Saturday, March 15, 2008

College History Student Rates Ballot Box, Obama As Minor Change Agents

Revolution deep in the hearts,
minds of Americans

American workers did not achieve the eight-hour workday, the abolition of child labor and the minimum wage by voting. They did so through struggle.

by Kyle Szarzynski
The Badger Herald
Madison, Wisconsin

For some time now I have been droning on about Sen. Barack Obama’s staunchly unprogressive political record. He’s a centrist who appeals to left-wing emotions, a clever poseur of the American political landscape.

Not that his opponent is any better. Both candidates’ appeals to liberal primary voters — which are incredibly agonizing to listen to — are about as calculated as can be. Mr. Obama’s rallies and Sen. Hillary Clinton’s town hall meetings abound with rhetorical flourish and calls for hope and change, but they invariably lack substance. Give either of them a laxative, and I’d hate to see the bathroom afterward.

That’s my read on them, anyway. Other progressives, fatigued in these difficult times, are likely to grab at any sign of hope. But does it matter? How much can we expect from even the most left-wing presidential hopeful?

This political season — like all political seasons — we are asked to choose between one of two pro-imperialist, pro-corporate parties. Regardless of who wins, power will remain in the laps of the few, and inequalities of multiple kinds will endure. “If voting could change anything,” said Emma Goldman, “they’d make it illegal.”

I may not quite have the anarchist’s cynicism for our political system, but it is true that fundamental social change never comes through the ballot box. Bill Clinton, after campaigning on a moderately populist platform in 1992, gave us NAFTA, corporate welfare, a bourgeoning prison-industrial complex, a bloodied welfare system and countless other policies that makes one wonder why the right so detests him. Civil rights groups and labor unions were often left speechless, while the hopeless — from homeless veterans to enfeebled Appalachian miners, to the inner-city unemployed — remained without hope. Is it any wonder why so few of the underclass turn out to vote?

Those who put all their faith in the Clintons and Obamas, or even the Edwardses and Feingolds, will always end up disappointed if their desire is to see a substantial concession to social justice. If a real shift in power is the intended goal, can we really expect it to come about through a system that locks away most property and influence in a safe from which only the top 1 percent have access? I pity he who is so naive.

Fortunately, America has a better tradition of democracy — one that takes its cues not from a trifling ballot, but from outpourings of popular pressure. It’s a tradition which has turned out millions into the streets and, as Howard Zinn so aptly describes, creates a narrative of its own, in which the working majority — not the elite politician — dictates history.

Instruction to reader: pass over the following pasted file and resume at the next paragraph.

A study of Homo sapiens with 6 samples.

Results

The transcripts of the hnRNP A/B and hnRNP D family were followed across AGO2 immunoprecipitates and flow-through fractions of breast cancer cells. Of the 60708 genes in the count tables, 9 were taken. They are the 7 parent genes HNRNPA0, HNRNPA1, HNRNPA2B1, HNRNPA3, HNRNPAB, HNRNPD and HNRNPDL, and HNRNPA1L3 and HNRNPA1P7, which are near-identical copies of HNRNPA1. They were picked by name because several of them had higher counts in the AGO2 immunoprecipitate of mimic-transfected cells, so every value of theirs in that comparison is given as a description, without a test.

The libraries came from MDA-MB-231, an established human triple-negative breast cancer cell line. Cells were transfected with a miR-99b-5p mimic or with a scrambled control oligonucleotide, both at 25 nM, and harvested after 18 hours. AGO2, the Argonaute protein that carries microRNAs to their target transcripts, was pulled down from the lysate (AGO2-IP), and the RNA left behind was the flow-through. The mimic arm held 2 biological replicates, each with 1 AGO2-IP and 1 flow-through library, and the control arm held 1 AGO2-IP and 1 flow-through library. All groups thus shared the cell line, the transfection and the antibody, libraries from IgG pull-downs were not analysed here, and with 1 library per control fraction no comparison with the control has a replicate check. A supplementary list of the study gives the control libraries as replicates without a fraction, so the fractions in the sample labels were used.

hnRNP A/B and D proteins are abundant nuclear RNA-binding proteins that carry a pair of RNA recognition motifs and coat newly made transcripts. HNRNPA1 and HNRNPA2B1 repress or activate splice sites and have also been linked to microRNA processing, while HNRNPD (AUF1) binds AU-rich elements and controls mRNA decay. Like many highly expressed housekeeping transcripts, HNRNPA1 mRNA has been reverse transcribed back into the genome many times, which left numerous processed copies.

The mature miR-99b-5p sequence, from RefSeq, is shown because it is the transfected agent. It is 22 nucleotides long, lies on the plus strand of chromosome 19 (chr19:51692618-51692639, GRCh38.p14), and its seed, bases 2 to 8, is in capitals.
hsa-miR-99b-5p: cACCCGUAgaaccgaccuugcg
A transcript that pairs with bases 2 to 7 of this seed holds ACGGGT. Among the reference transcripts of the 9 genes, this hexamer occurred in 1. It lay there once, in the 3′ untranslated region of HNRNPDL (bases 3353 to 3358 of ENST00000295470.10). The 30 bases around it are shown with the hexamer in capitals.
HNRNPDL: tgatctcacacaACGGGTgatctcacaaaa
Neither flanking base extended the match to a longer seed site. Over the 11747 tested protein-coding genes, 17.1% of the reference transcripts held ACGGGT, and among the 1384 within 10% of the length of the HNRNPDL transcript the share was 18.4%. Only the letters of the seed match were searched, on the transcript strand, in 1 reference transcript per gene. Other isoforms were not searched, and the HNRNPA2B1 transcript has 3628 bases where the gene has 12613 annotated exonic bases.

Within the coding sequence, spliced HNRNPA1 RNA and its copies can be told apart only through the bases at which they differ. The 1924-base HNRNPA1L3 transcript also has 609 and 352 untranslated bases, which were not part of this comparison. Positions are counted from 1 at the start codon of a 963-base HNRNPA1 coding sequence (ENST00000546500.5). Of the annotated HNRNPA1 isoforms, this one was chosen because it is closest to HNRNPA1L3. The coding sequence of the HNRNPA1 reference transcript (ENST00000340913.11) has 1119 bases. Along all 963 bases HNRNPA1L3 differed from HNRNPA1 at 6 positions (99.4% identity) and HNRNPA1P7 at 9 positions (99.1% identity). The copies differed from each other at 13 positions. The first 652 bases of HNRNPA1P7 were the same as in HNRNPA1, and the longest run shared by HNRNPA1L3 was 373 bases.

The American centuries have produced countless examples of this type of change (real change, that is) of which the labor movement is particularly noteworthy. American workers did not achieve the eight-hour workday, the abolition of child labor and the minimum wage by voting. They did so through struggle. The bloody battles with police of the Gilded Age, the sit-down strikes of the 1930s and the walkouts of the postwar era amounted to a shutdown of the means of production, forcing politicians to make concessions and improve the quality of life for the hitherto powerless majority.

“OK, you’ve convinced me,” said Franklin Delano Roosevelt, speaking to a delegation of activists. “Now go out and put the pressure on me.” Trade unionists and other agitators went out and did just that, feverishly organizing workplaces and making the bosses everywhere queasy with apprehension. The legacy of this struggle — aided, but not directed, by a sympathetic president — is still apparent.

Similarly, it was the activists of the Civil Rights Era, staging sit-ins, marches and other protests, who forced the end of apartheid in the American South, not a liberal White House. It was President Richard Nixon, after all, who oversaw the integration of more schools than either of his two predecessors.

True, times have changed, but people remain dissatisfied. The health care problem has turned into a crisis, the war continues to consume bodies and money, while real wages are seemingly unable to stop plummeting. As long as our society remains one of mass inequities, in which millions are crushed by unnecessary burdens and millions more long for control over their working lives, the well of revolt will never be dry.

“The really critical thing,” according to Mr. Zinn, “isn’t who is sitting in the White House, but who is sitting in the streets, in the cafeterias, in the halls of government, in the factories. … Those are the things that determine what happens.”

Take it from a historian, and don’t hold your breath if Barack Obama wins in November.

Kyle Szarzynski ( is a junior majoring in Spanish and history.